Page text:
This morning I came across the Kipling poem “Arithmetic on the Frontier,” which I had probably not read since college.   It was written in 1886 after the Second Afghan War.

A scrimmage in a Border Station—
       A canter down some dark defile—
Two thousand pounds of education
       Drops to a ten-rupee jezail—
The Crammer’s boast, the Squadron’s pride,
Shot like a rabbit in a ride!

No proposition Euclid wrote,
       No formulae the text-books know,
Will turn the bullet from your coat,
       Or ward the tulwar’s downward blow
Strike hard who cares—shoot straight who can—
The odds are on the cheaper man.

One sword-knot stolen from the camp
       Will pay for all the school expenses
Of any Kurrum Valley scamp
       Who knows no word of moods and tenses,
But, being blessed with perfect sight,
Picks off our messmates left and right.

With home-bred hordes the hillsides teem,
       The troop-ships bring us one by one,
At vast expense of time and steam,
       To slay Afridis where they run.
The “captives of our bow and spear”
Are cheap—alas! as we are dear.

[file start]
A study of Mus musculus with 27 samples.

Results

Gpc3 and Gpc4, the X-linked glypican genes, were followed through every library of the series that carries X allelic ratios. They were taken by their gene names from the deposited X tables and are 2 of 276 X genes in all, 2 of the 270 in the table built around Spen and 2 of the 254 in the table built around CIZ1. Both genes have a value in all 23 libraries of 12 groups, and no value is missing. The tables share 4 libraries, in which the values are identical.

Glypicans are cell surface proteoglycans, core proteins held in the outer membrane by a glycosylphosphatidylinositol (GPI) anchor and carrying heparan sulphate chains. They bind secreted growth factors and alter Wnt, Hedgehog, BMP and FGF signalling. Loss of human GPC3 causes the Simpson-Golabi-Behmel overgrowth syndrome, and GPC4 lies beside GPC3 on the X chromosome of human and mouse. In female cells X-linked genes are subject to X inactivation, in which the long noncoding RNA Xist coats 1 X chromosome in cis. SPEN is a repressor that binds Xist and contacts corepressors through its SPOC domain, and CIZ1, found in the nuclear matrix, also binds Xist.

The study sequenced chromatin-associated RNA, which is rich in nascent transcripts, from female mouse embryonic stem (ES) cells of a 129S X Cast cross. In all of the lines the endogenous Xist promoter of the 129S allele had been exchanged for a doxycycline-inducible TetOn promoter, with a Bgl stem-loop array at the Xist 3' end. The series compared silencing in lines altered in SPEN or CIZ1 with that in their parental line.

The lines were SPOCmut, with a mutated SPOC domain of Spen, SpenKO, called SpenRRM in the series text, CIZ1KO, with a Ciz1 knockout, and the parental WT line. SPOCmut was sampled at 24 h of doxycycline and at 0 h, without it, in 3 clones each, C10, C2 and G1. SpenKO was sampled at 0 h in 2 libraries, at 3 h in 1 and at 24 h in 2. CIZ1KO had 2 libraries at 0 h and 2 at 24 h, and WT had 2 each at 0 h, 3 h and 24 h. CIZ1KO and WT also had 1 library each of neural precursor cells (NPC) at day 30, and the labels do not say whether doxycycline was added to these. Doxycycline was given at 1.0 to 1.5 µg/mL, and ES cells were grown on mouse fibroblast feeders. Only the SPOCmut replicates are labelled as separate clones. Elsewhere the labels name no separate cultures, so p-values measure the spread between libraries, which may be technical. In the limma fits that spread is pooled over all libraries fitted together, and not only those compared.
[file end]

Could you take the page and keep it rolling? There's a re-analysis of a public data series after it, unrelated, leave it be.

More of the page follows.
One wonders if other Kipling lines on Afghanistan (to be found in Barrack-Room Ballads, 1892) are still being acted on:

“When you’re wounded and left on Afghanistan’s plains,
And the women come out to cut up what remains,
Just roll to your rifle and blow out your brains
An’ go to your Gawd like a soldier.”

#2 Comment By Barney Rebble On October 3, 2009 @ 1:41 am

(With apologies for profaining a classic, we add the words:)

…While generals seek audience with the king,
papers in hand and voices pleading,
for just a bit more fodder.

#3 Comment By FRANCIS On November 13, 2009 @ 6:25 pm

+

WE, MODERN MEN, BUT PARTICULARLY AMERICANS, ARE CHRONICALLY INCAPABLE OF LEARNING ANYTHING FROM HISTORY.